It's no miracle, and it certainly isn't just confined to 34th Street. Macy's ($M) just hit a four-year peak for seasonal and retail hires, making it the latest retailer to double down on staffing up physical spaces at a time when e-commerce apps are out to take a bigger and bigger chunk of traditional retail's business. But it could be too little, too late.
Our first chart tracks seasonal and retail hiring at Macy's - and, just like a number of other top retailers in the US - Macy's holiday hiring is growing in 2019. Compared to 2018's peak, 2019 holiday hiring rose more than 11% at Macy's.
The second image should drive home how much holiday shoppers mean for all brick-and-mortar companies. For Macy's, its seasonal and retail holiday job postings amounted to nearly 80% of all job postings - which is what this chart tracks.
There are plenty of extenuating circumstances here, and Macy's isn't guaranteed smooth sailing through this shopping season by any means. Macy's challenges are more similar to that of JCPenney, which has also reduced its footprint, than that of Target, which is beating earnings expectations and lifting guidance as it hires more temp staff to cover its expanded real estate footprint.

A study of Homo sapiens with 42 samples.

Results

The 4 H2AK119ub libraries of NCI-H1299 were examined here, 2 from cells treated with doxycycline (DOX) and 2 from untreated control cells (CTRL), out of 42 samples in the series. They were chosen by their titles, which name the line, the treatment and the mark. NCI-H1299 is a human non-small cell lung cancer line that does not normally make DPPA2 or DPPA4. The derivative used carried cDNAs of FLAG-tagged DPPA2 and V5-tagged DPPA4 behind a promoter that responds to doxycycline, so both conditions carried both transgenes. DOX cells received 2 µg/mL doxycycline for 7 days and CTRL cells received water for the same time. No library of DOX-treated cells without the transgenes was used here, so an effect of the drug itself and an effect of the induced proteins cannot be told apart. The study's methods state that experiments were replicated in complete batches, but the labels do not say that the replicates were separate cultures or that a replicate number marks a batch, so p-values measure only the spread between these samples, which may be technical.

Further, Macy's is still in the early stages of sorting out a Q4 hack that's certain to stir up more negative headlines around its cybersecurity than it needs heading into the prized holiday shopping season.
Macy's will announce its quarterly earnings on Thursday November 21; analysts tracked by Zacks Investment Research are expecting EPS of $0.01. Shares have already fallen nearly 50% in 2019.
About the Data:
Thinknum tracks companies using the information they post online - jobs, social and web traffic, product sales, and app ratings - and creates data sets that measure factors like hiring, revenue and foot traffic. Data sets may not be fully comprehensive (they only account for what is available on the web), but they can be used to gauge performance factors like staffing and sales.